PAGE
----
Graphic Novel Review: Lip Hook
- Credit: Archant
It’s hard not to draw comparisons between this graphic novel and the Twitter phenomenon that is Hookland, the guide to a lost English county which never existed, but has its own twisted mythology and secret history (See @HooklandGuide).
The similar names aside, there’s much here which echoes the same themes, uncovering a destination from which the unwary traveller might never return, where folklore is enshrined in everyday life, and with a sense of rural unease which cannot be easily explained.
As Hookland creator David Southwell explains: “I wanted to write something fictional about the high strangeness of my childhood. How England was a weirder place back then. About how when I was growing up the TV news bulletins would carry stories about UFO sightings or ghosts in the same 15 minutes as IRA bombings. How everywhere you went, each church, alley or wood seemed to have some folklore attached to it. Everywhere seemed to be ghost soil. The whole landscape was a battery storing myth to be encountered.”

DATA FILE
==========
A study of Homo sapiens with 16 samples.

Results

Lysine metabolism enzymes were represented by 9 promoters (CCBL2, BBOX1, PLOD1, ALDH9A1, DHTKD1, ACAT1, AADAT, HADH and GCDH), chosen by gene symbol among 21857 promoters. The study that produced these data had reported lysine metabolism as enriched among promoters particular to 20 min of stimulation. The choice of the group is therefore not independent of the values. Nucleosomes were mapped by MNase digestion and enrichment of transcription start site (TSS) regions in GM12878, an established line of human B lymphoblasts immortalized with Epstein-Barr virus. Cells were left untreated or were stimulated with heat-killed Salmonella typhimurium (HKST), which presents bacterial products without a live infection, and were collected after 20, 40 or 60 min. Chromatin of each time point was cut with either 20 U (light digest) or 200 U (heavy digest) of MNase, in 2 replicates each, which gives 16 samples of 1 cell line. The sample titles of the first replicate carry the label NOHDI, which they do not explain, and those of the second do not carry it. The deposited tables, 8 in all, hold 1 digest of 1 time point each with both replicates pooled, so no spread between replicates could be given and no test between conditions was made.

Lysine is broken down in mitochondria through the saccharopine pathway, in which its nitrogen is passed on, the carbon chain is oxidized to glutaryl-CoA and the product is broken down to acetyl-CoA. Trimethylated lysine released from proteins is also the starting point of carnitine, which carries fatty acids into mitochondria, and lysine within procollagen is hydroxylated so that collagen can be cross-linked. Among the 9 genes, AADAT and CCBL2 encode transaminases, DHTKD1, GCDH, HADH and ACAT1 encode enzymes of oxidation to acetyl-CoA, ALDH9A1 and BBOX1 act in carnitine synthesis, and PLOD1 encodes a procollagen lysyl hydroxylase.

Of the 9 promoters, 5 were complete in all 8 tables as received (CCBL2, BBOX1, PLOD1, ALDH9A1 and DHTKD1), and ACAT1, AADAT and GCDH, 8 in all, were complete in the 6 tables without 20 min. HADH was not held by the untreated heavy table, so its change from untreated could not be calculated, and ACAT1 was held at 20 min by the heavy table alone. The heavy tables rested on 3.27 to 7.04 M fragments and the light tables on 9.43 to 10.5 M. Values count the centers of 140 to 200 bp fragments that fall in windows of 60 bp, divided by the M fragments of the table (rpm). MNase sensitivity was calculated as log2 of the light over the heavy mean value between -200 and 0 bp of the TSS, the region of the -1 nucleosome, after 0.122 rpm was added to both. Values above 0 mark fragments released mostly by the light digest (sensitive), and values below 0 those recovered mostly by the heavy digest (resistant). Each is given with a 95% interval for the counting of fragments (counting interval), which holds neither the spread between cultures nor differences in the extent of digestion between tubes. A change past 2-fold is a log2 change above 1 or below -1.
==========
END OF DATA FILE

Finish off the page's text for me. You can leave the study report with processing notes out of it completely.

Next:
Writer David Hine and artist Mark Stafford have adopted a similar approach in crafting the village of Lip Hook, somewhere which inhabits the same world of British horror where you might find the stories of MR James and Algernon Blackwood, and films such as The Wicker Man and The Blood on Satan’s Claw.
Artist Stafford excels himself with disturbing imagery that complements Hine’s unsettling script, using an earthy palette to illustrate his grotesque characters and landscape which adds to the murk surrounding the village itself.
There is a past here which the inhabitants try to forget, a tradition of feminine magick and pagan worship, bound up in mysterious choking mists and swarms of unusual insects. These disparate aspects combine in the present day following the arrival of two enigmatic fugitives: a beautiful woman and a man with a gunshot wound, who have escaped to Lip Hook with a suitcase full of treasure.
Their influence shifts the dynamics of the village, reawakening the latent power lurking beneath the surface, and the disruption they unleash threatens to tear Lip Hook apart.